Review: Double Dragon (MVD Rewind Collection)
The fourteenth entry in MVD's "Rewind Collection" shines a spotlight on a movie that truly deserves a second look.
1994's Double Dragon is the big-screen adaptation of a classic video game franchise that followed two brothers--Billy and Jimmy Lee--fighting their way through mean city streets in an attempt to rescue the lovely Marian from the clutches of her kidnappers. The feature film version expanded the story, put the very fate of the world at stake, and delivered a scenery-chewing villain. Yet, Double Dragon was not a box office success, despite a big marketing push in comic books and video game magazines, and subsequently developed a reputation as a flop. I saw the movie upon its VHS release in 1995 and was disappointed. That was 24 years ago, and I hadn't watched the movie, or really even thought about it, since then.
Fortunately, we're living in a time that is steeped in nostalgia, and what was a failure in 1994 can now be great entertainment decades later. MVD's Rewind Collection serves as perfect midnight movie programming and allows us the opportunity to enjoy and rediscover a particular kind of film that has now vanished but that still holds immense entertainment value, sometimes ironically, sometimes with no irony at all. By presenting these video store staples in beautifully-restored HD majesty, digging into the production history of how they came to be, and celebrating the qualities that defined an era of entertainment, we're able to appreciate these movies in a way that we never could before.
The plot of the film is a bit different from the video game, which--to be fair--didn't really require much of a story. In this version, Billy Lee (Party of Five's Scott Wolf--not a martial artist) and Jimmy Lee (Brotherhood of the Wolf's Mark Dacascos--an 8th degree black belt) face off against a larger-than-life tyrant named Koga Shuko (Robert Patrick of Terminator 2 fame), who is bent on collecting two halves of a mystical medallion that will allow him to control...well, everything. Far from the damsel in distress is Marian, played by Alyssa Milano (from...well, all of the nineties), who is part of a street gang that wants to help Billy and Jimmy stop Koga Shuko from ruining everything. Julia Nickson (Rambo: First Blood Part II) serves as a mentor and guiding light to the brothers.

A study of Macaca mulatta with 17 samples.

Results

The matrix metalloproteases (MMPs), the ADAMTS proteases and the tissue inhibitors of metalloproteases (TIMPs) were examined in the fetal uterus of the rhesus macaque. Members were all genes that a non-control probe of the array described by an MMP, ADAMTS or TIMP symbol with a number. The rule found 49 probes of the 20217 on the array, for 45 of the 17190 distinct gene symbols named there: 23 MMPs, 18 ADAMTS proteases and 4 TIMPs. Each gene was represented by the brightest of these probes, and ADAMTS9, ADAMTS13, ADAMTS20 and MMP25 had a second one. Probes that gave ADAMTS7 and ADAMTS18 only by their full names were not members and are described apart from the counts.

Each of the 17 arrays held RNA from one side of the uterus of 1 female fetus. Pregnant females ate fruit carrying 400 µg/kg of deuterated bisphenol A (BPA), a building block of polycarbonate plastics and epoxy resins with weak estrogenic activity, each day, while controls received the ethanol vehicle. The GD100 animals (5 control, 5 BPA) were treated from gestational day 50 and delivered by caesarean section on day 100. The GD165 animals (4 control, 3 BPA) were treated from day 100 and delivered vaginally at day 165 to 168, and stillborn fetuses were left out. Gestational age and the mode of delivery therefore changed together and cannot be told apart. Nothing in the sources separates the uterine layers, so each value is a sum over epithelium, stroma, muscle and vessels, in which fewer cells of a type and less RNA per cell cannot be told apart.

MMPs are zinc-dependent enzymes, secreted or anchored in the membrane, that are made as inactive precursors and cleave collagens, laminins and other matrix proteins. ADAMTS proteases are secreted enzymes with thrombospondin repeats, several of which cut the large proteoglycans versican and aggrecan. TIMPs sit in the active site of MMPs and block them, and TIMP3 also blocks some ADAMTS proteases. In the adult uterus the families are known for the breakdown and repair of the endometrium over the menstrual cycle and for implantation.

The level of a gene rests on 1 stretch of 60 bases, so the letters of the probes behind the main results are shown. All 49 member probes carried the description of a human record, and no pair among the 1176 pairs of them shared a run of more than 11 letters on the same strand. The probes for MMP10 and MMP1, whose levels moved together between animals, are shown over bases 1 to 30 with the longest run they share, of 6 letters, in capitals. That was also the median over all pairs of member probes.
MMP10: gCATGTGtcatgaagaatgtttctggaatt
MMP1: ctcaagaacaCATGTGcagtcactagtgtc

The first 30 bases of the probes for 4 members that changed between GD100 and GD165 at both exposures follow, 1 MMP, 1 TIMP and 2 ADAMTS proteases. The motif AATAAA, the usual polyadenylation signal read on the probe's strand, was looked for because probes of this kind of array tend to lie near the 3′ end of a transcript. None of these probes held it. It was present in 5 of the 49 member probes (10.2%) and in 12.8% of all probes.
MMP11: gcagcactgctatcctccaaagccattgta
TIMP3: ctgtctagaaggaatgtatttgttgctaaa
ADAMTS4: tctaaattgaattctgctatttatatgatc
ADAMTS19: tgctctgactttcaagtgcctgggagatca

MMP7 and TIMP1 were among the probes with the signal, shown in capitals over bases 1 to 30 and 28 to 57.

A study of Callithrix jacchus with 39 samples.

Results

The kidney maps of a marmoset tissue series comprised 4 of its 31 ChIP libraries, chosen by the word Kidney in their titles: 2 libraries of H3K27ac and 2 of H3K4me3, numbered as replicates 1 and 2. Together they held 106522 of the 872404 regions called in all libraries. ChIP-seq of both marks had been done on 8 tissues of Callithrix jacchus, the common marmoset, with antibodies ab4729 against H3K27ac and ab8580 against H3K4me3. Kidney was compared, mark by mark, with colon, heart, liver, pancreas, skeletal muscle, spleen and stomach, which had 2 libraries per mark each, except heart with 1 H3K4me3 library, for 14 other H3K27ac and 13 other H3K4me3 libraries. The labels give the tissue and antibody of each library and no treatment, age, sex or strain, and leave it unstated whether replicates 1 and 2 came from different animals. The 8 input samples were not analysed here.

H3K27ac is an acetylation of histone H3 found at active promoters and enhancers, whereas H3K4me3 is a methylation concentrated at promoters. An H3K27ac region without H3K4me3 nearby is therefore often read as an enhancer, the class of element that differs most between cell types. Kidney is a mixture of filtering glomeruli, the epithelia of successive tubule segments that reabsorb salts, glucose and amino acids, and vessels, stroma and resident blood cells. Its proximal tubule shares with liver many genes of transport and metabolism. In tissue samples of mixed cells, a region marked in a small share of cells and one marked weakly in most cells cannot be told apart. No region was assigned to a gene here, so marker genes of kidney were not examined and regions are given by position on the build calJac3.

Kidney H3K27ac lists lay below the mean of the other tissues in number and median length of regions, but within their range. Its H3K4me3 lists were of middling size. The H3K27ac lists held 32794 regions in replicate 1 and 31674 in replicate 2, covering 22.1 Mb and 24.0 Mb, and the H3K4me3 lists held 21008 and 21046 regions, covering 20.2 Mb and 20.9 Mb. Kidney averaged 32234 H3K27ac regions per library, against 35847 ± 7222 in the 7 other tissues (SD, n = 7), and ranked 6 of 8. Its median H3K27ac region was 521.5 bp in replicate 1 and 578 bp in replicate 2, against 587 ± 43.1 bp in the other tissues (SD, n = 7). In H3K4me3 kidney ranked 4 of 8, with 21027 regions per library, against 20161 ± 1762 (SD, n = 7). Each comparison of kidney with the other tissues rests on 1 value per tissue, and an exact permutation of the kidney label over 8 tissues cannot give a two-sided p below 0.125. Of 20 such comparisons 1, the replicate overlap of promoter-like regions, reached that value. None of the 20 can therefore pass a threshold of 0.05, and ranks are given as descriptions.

The visuals of a ravaged Los Angeles are powerful. We see a dilapidated Grauman's Chinese Theater, a collapsed Capital Records building, and the Hollywood sign is in tatters. The high waters of the Hollywood River pay homage to the history of the Los Angeles River and provides a clue as to how much nature has reasserted its dominance in this new era. It all reminds me very much of the same world we see in the movie Demolition Man, another futuristic story from just one year earlier. Arguably, Robert Patrick's bleach-blonde hair even calls back to Wesley Snipes' signature look from that movie.
In spite of all these elements (or maybe because of them), Double Dragon never quite comes together into a cohesive, compelling story. It has a tone that feels like it's constantly at war with itself. It's a post-apocalyptic action movie that is aimed at 11-year-olds, and those two things are at odds with one another. Robert Patrick gives the broadest performance in the film, but neither Scott Wolf nor Mark Dacascos are quite capable of grounding this movie. Alyssa Milano was probably the most experienced here and was quite a star in 1994, but even she's not enough to hold everything together.
In addition to the new documentary and the spotlight on Don Murphy, we're also treated to an archival "Making Of" featurette, a second behind-the-scenes featurette, the pilot of the 1993 Double Dragon animated series (the entire series comes to DVD in April of 2019), a storyboard gallery, press photos, marketing and behind-the-scenes photo galleries, TV spots, the VHS Home Video trailer, the original theatrical trailer, reversible sleeve artwork, and one of my favorite MVD Rewind Collection extras, a collectible mini-poster.